1960 was a very good year for Lake Tahoe. In January, Frank Sinatra and Dean Martin purchased the Cal-Neva Lodge & Casino on the North Shore. In February, the 1960 Winter Games found their way to the granite-cliffed scar that would become known as Olympic Valley. And in the summer, a swath of lakefront property on Lake Tahoe’s South Shore known as Edgewood began to take shape as a championship golf course and luxury resort.
It took sixty years of dormancy, development woes, and looking on as mountain towns like Aspen, Park City, Vail, and Jackson Hole turned winter sports’ enthusiast’s heads and made headlines—but the Tahoe Basin may be returning to some of those past glories. And all it took was a pandemic.
Lake Tahoe Housing Market Captures Nation’s Attention During Pandemic
Lake Tahoe topped Redfin’s “hottest neighborhoods” in 2020. The Seattle-based online real estate brokerage said home sales in the Tahoe Basin jumped a whopping 87% year-over-year from October 2019 to October 2020, with the median sale price, $945,000, up 28% during that time. Median views per listing soared 280% and the median number of days homes sat on the market was 48, down 25 days.
“The Lake Tahoe housing market is hotter than ever,” Redfin real estate agent Jaime Moore said in a statement. “People are coming from San Francisco in droves, and they’re bringing their Bay Area salaries with them.”
The Tahoe Basin became a prominent thread in the relocation trend as both realtors and journalists started calling the area a “Zoom town.” In 2020, the places that boomed were more destination-driven as buyers who could work jobs remotely made haste from the cities and the suburbs amid a pandemic. Tahoe, a drive-to market that features easy access to a half-dozen airports and five major metros, typified that trend.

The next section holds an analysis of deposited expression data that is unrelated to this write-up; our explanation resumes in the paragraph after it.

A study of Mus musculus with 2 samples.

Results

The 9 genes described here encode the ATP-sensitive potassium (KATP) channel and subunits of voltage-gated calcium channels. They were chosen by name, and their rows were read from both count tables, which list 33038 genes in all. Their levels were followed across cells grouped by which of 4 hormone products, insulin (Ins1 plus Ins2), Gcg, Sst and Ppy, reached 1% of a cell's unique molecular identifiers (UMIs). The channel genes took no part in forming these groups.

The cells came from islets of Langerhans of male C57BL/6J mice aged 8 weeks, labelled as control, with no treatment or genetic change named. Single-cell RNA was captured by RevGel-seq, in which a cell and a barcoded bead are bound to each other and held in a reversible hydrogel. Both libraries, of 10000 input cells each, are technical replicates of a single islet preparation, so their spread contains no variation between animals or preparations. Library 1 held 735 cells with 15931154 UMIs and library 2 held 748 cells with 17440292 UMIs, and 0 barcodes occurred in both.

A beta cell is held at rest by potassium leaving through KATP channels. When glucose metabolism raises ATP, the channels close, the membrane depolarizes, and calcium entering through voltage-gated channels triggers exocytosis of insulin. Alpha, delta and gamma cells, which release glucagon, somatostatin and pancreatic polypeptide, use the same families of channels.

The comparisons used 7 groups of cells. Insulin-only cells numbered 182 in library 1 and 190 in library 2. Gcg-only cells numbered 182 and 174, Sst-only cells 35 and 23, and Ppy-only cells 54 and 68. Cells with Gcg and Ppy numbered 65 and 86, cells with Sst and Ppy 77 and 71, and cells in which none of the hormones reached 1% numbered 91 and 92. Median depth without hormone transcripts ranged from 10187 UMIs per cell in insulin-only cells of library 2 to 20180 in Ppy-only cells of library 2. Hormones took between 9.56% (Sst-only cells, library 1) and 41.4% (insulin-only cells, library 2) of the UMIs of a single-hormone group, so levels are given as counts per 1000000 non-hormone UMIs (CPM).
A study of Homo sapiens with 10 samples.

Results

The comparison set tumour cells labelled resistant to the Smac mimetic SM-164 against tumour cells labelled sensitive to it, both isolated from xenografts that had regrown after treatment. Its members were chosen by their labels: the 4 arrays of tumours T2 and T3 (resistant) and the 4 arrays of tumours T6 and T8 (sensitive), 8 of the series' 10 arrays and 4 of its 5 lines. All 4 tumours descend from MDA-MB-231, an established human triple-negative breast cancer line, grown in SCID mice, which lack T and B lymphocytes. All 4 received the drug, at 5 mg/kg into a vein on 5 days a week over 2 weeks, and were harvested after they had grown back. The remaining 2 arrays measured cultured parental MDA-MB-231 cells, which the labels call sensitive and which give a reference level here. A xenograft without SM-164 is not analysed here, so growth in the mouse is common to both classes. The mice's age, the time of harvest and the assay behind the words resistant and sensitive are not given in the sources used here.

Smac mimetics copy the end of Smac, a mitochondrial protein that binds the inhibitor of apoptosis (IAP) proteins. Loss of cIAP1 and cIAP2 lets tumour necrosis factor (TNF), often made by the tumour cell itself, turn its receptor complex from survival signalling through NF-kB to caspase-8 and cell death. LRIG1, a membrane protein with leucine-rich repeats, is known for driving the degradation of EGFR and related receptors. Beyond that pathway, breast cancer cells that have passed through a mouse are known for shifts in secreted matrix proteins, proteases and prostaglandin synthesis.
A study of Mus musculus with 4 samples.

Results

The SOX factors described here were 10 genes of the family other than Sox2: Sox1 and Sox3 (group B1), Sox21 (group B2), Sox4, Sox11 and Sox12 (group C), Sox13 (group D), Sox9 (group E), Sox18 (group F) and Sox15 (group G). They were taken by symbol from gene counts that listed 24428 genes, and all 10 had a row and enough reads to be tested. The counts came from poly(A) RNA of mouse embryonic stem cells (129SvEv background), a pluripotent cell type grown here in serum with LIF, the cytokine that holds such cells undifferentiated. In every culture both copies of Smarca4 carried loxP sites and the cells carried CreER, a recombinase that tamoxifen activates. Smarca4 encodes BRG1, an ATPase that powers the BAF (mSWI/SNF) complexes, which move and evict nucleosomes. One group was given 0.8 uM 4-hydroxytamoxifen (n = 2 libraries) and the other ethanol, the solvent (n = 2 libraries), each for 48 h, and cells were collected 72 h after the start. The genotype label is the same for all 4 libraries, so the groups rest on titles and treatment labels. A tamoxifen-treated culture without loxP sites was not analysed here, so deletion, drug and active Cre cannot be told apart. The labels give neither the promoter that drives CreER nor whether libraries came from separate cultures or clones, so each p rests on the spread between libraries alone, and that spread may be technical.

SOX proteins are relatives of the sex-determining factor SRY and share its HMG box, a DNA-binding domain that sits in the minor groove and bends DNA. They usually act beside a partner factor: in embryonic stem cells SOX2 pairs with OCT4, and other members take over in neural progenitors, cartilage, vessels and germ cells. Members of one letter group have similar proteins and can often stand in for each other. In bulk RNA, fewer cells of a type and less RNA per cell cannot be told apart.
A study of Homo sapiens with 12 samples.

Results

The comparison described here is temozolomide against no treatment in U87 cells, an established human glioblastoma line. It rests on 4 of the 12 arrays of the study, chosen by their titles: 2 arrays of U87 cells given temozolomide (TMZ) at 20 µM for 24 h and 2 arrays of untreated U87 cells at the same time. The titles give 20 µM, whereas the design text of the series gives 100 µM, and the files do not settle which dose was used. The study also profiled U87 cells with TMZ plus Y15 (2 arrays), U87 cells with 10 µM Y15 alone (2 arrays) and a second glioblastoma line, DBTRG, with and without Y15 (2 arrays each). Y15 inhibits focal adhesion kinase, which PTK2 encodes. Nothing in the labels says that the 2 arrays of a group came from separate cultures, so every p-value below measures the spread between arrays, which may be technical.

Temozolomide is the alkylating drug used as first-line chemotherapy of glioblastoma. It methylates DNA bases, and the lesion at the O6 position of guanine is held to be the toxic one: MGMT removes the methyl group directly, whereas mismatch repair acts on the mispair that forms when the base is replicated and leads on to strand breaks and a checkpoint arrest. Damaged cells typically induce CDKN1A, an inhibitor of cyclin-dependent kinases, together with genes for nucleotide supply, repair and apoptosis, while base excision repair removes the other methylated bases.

Where People Go, Big Events Usually Follow
New Year’s Day news broke on Canada-based Sportsnet that the NHL had tapped the Nevada side of Lake Tahoe to host a set of outdoor games in February.
The Boston Bruins, Colorado Avalanche, Philadelphia Flyers, and the Silver State’s home team, Las Vegas Golden Knights, will participate in a two-day event hosted by Edgewood Tahoe Resort.
Though fans won’t be allowed to attend, the NHL hopes hockey on the edge of the second-deepest lake in the US will captivate a TV viewing audience.
NHL games in Tahoe also will be the league’s marquee event this season as it has already canceled its Winter Classic in Minneapolis, the outdoor game in Raleigh, and All-Star Weekend in Florida due to COVID-19.
Hockey Fans Recall Tahoe as Backdrop for ‘Forgotten Miracle’
Hockey Twitter lit up Friday morning, recalling the United States’ improbable 1960 Olympic hockey victory. The Olympiad’s gold-medal game against the Soviet Union is dubbed “The Forgotten Miracle,” a reference to the United States toppling the Soviets during the 1980 Winter Olympics in Lake Placid during the medal round—you know, the one they make movies about.
Lake Tahoe hosted the 1960 Olympics, the first time @usahockey won the gold medal. Great hockey history there for the @NHL to play off of.
— Kyle Magin (@kmagin) January 1, 2021
Whether it’s for nostalgia, curiosity, or something for newly minted Basin residents to come to take a gander at, NHL officials said they hope the event, staged between the Edgewood’s 16th and 18th holes, garners interest in games played in “natural wilderness” settings.
The puck drops for the Avalanche vs. the Golden Knights on Feb. 20 and the Flyers vs. the Bruins on Feb. 21. Both games will be televised on NBC.